The Border and Refugee Assistance Act of 2019 introduced by Congressmen Vicente Gonzalez (TX-15), Filemon Vela (TX-34), and Henry Cuellar (TX-28) is a bill to lessen the flow of migrants at the border and expand the processing of refugees within their country of origin.
The legislation directs U.S. agencies to expand in-country refugee processing centers within Northern Triangle countries.
Under the bill, family units and minors in Guatemala, Honduras, and El Salvador would be eligible to apply for refugee protections within their country of origin.
“Congressman Vela, Cuellar and I agree that we must do more in the Northern Triangle to address the push factors of mass migration and provide relief to our communities,” Gonzalez said. “By adjudicating refugee claims in their own country, we can help prevent a costly and dangerous trek across thousands of miles, and at the same time reduce the impact that this traffic has along our borders. This is just one part of an overall solution that requires coordination, innovation, common sense, and a sustained investment of time, energy and resources.”
On November 9, 2017, the Department of State stopped accepting new applications for the Central American Minors (CAM) refugee program. The CAM program was established in 2014 to provide certain minors in El Salvador, Guatemala, and Honduras the opportunity to be considered for refugee resettlement in the United States while still in their home country. Recently, a Homeland Security Advisory Council issued a report recommending that the U.S. enter into an agreement with Guatemala to have a regional processing center on the Guatemala-Mexico border. The advisory council’s model requires congressional support – Congressmen Gonzalez, Vela, and Cuellar are seeking to answer this call.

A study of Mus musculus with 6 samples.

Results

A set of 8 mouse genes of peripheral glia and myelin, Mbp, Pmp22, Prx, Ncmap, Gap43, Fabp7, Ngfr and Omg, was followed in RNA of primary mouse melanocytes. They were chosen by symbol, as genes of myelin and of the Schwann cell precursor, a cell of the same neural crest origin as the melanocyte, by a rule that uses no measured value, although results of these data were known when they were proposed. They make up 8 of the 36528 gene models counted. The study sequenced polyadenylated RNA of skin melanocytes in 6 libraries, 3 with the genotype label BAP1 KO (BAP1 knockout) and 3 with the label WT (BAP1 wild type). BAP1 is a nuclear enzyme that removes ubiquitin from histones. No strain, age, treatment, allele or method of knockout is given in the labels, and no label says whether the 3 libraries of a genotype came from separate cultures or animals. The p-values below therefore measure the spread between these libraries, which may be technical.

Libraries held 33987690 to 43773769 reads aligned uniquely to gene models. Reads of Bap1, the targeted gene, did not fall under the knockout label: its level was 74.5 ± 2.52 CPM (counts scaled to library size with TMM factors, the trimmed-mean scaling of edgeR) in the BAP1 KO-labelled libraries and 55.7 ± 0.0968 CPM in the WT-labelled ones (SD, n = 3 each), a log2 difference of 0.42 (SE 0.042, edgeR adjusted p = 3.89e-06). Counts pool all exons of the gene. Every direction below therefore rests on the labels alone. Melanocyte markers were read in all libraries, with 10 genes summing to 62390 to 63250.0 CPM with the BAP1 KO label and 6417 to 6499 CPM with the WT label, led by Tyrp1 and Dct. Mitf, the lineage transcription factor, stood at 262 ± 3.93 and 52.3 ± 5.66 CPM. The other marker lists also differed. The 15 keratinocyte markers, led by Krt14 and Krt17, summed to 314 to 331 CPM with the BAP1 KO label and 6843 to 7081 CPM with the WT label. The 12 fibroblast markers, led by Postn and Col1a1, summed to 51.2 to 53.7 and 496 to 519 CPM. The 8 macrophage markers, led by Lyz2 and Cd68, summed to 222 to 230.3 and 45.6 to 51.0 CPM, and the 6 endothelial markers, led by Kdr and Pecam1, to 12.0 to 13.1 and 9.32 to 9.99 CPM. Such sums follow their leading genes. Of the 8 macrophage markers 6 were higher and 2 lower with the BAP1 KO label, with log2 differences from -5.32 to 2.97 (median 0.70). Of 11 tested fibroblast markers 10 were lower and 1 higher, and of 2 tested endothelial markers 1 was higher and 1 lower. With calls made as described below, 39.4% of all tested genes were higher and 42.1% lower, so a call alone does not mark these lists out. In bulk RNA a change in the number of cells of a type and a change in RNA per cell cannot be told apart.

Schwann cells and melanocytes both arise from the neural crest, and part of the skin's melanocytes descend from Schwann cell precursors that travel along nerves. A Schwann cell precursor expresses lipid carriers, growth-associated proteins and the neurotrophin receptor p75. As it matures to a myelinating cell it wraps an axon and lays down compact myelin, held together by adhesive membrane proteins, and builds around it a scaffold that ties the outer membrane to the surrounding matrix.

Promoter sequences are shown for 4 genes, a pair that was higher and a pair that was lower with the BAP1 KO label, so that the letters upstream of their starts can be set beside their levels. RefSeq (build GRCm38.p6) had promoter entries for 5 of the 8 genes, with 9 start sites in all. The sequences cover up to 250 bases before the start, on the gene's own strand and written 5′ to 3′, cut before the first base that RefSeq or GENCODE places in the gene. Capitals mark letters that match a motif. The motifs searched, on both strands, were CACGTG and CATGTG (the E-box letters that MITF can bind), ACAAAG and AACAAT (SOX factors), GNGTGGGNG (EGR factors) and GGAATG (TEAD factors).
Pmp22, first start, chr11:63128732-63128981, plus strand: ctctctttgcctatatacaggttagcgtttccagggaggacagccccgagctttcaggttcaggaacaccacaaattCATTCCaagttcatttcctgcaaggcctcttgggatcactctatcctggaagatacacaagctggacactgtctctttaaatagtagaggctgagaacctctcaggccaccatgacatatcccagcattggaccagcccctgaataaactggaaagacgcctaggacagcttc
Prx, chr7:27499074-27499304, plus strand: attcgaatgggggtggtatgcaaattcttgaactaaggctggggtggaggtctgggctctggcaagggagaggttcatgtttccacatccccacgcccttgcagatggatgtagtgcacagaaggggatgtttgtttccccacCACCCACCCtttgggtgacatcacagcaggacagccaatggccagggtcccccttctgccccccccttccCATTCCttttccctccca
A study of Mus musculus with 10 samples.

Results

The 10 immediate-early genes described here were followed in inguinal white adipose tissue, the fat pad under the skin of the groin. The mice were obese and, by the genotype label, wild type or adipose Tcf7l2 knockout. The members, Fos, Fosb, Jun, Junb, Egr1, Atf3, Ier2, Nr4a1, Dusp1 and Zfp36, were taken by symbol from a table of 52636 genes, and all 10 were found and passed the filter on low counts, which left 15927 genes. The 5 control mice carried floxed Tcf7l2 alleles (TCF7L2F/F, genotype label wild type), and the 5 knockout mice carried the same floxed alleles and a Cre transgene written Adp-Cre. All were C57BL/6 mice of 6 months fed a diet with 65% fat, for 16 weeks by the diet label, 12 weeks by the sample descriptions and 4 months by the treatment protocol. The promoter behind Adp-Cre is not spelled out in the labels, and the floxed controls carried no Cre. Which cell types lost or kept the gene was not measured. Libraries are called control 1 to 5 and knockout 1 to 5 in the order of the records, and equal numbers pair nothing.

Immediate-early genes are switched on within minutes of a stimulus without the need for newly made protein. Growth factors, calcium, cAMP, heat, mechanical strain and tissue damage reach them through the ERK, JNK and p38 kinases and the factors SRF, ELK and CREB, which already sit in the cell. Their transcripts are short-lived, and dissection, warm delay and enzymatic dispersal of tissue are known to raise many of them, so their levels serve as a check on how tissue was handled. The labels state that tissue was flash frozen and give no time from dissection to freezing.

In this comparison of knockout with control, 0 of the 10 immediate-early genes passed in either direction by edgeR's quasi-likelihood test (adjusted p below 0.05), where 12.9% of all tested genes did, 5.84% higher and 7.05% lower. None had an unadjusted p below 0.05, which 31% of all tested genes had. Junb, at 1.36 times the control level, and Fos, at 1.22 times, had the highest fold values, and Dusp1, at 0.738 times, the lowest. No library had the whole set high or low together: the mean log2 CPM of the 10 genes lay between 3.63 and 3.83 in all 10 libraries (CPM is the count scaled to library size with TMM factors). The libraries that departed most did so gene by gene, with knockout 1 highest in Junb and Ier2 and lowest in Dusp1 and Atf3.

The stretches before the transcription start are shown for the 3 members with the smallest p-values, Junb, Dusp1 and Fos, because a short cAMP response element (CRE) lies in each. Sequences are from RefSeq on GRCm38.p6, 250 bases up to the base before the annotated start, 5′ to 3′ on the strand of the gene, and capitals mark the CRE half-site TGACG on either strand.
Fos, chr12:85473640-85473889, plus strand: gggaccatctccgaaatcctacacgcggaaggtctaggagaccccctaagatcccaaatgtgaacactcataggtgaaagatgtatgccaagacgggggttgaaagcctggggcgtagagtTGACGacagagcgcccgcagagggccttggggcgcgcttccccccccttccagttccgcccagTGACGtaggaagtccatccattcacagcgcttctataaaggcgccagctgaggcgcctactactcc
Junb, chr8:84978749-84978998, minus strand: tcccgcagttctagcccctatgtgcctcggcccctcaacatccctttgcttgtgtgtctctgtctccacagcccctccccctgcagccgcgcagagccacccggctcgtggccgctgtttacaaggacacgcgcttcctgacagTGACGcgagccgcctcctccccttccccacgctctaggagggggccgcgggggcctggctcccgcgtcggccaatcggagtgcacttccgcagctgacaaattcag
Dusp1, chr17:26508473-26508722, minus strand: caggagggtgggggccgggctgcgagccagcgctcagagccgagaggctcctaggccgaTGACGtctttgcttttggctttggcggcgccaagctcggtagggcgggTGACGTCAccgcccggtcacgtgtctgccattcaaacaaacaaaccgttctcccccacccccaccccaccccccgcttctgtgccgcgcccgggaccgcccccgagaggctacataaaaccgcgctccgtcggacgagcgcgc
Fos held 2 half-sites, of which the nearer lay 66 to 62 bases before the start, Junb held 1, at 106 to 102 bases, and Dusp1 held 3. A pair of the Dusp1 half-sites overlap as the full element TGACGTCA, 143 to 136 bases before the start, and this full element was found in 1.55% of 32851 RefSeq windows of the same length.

“This proposal aims to provide a safe and orderly process for assessing refugee claims while ensuring humanitarian protection for individuals fleeing violence,” Vela said. “By allowing claims to be effectively processed within an individual’s country of origin, less people will be forced to make the dangerous journey to the border to present their claims.”
He said this proposal is just one piece of what needs to be a multifaceted response to the humanitarian crisis in the Northern Triangle, including investments in improving security and governance in the region and investments in the United States’ own asylum, refugee, and immigration systems.
“By allowing migrants to safely claim asylum in their home countries, fewer asylum seekers will be forced to make perilous journeys to the southern border, decreasing the probability of being victimized and exploited by human traffickers,” Cuellar said. “It will also diminish the backlog of cases pending in immigration courts by reducing the number of new cases and deter fraudulent asylum claims that prevent the timely protection for legitimate refugees fleeing dire and dangerous circumstances.”
He said border communities like my hometown of Laredo are feeling the burden of housing migrants that come to our country to claim asylum.